Many couples have fur babies before they have human babies.
So how do you ensure your dog will embrace your newborn?
Many people forget that a new baby can come as a shock to their pets as the lifestyle of the entire family shifts.
Lost Dogs’ Home post-adoption trainer Elonnah Dutton says dogs should be start preparing for the new arrival months in advance. Here are her top preparation tips:
– During the pregnancy, buy a baby doll from a toy store – the more realistic the better. Then start to carry the toy baby around and teach your dog to be calm or on their bed when the baby is being held
– When the toy baby is in the same room as the dog ensure all games and toys are paused so the dog responds calmly and understands that the baby equals calm behaviour. When the toy baby is in another room the dog should be free to play
– Give your dog treats at the same time as playing low volume recordings of baby cries and baby noises, which can be found on YouTube or via special apps, to desensitise the dog to these sounds. Make sure you play with your dog or use a food-dispensing toy while the sounds play so they associate the sounds with good things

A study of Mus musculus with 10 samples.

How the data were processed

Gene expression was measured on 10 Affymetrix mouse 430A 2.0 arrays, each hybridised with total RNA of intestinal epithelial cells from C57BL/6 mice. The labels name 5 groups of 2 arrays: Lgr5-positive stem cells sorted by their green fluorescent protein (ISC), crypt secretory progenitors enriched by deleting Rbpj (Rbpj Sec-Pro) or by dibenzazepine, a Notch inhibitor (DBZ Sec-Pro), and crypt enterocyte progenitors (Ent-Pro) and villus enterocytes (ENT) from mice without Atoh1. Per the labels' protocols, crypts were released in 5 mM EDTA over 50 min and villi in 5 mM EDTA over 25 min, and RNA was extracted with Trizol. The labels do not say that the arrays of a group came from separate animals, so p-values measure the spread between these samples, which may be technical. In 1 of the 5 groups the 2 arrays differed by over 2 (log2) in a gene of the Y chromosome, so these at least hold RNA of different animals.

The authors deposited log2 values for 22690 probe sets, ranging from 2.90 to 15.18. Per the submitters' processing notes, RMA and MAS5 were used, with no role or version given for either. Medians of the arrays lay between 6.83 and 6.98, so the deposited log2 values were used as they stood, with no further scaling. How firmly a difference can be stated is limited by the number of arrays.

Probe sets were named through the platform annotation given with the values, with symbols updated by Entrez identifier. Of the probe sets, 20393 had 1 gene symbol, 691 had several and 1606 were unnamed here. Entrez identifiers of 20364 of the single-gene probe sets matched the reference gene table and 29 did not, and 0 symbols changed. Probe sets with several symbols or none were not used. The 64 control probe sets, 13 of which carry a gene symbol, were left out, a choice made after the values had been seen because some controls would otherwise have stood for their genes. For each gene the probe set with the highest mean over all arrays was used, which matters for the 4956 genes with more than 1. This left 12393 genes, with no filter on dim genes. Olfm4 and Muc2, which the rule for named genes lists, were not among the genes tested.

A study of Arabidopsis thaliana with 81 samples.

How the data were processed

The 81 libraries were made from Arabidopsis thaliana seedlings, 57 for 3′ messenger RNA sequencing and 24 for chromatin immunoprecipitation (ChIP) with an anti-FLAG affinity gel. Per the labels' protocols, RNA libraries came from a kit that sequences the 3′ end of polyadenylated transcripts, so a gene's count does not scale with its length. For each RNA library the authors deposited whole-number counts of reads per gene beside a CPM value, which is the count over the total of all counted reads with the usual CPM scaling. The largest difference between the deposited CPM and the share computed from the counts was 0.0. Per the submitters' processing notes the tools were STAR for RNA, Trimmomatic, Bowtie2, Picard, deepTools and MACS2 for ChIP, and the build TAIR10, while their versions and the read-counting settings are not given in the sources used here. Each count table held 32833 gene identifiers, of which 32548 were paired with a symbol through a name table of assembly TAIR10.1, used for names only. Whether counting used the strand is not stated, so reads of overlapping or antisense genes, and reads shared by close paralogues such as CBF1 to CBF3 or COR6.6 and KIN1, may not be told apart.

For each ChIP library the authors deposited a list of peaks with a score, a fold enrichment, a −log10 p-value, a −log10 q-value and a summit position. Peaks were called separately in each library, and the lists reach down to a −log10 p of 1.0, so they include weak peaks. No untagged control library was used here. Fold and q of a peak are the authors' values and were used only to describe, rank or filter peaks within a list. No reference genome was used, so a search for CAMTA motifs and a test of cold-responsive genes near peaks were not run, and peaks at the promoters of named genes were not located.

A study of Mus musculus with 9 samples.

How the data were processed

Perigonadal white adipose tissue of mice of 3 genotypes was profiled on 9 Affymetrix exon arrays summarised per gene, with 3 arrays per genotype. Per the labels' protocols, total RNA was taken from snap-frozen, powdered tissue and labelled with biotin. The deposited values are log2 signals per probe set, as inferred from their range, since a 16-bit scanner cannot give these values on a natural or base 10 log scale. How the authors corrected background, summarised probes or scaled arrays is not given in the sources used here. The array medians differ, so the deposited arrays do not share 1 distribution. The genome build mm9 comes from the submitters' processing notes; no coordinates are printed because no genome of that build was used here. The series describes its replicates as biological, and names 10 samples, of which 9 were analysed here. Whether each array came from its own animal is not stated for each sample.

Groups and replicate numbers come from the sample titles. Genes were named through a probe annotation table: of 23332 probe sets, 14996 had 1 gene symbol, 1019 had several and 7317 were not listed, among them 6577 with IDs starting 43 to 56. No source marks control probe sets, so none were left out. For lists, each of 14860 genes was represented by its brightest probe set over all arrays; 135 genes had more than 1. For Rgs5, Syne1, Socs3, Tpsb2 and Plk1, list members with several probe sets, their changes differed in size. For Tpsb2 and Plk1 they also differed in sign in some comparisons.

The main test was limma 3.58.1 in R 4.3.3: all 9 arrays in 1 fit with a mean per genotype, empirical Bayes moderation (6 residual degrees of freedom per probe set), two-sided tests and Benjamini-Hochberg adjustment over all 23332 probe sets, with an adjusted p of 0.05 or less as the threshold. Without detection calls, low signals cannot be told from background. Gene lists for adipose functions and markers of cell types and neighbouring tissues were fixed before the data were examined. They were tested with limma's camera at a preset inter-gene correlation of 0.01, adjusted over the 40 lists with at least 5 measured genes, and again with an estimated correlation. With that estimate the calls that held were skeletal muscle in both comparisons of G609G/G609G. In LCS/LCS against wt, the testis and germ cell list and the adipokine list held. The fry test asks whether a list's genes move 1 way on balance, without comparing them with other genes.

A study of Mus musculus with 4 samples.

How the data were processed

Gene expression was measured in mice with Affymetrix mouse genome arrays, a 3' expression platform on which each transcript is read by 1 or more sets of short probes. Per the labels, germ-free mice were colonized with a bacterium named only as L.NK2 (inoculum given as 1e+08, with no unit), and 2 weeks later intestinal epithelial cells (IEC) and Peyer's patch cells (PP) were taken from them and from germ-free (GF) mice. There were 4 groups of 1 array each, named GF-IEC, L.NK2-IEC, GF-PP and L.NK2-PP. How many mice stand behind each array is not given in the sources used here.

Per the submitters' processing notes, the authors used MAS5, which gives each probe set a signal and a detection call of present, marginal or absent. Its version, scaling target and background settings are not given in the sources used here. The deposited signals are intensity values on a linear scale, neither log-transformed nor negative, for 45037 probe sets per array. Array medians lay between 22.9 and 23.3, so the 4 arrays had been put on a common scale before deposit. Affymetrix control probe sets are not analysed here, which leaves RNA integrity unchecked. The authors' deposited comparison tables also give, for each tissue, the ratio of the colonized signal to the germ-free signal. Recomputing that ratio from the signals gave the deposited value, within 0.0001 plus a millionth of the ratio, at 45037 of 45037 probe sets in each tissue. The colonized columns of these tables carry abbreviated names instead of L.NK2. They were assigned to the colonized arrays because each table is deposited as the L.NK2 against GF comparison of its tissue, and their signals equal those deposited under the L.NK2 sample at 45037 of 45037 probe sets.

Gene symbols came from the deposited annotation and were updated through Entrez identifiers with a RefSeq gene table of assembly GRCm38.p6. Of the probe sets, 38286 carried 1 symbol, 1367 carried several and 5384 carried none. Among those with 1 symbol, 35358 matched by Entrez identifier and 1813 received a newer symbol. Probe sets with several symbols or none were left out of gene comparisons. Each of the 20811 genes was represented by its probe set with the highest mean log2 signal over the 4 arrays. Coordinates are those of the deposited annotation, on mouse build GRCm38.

– Place the toy doll on the ground and practice pretend ‘tummy time’. While doing this direct your dog to their bed and reward them for staying there. This is also the perfect time to give your dog a yummy food puzzle.
– Practice bed training and encourage your dog to choose their bed as their relaxing area. Make the bed like Disneyland for them by throwing treats on it and rewarding them every time they sit on their bed.
– Practice loose lead walking with your dog and pushing a pram up and down the driveway or on a quiet street. Keep the dog at your side and reward them with a delicious treat.
– When it comes time to leave the hospital take the baby’s blanket home first to allow your dog to smell the scent of the newborn before they meet in person.
– When holding your baby on the couch encourage your dog to be on the floor and reward all calm behaviours. Allow the dog to sniff the feet of the baby and reward them.
Ms Dutton said planning ahead could help reduce any overexcited, jealous or territorial behaviour.
“If you are patient and consistent with your dog as you prepare for your new baby you can ensure a smooth transition.”
Ms Dutton says to never leave your dog and baby alone together, and to make their experiences positive when they are together.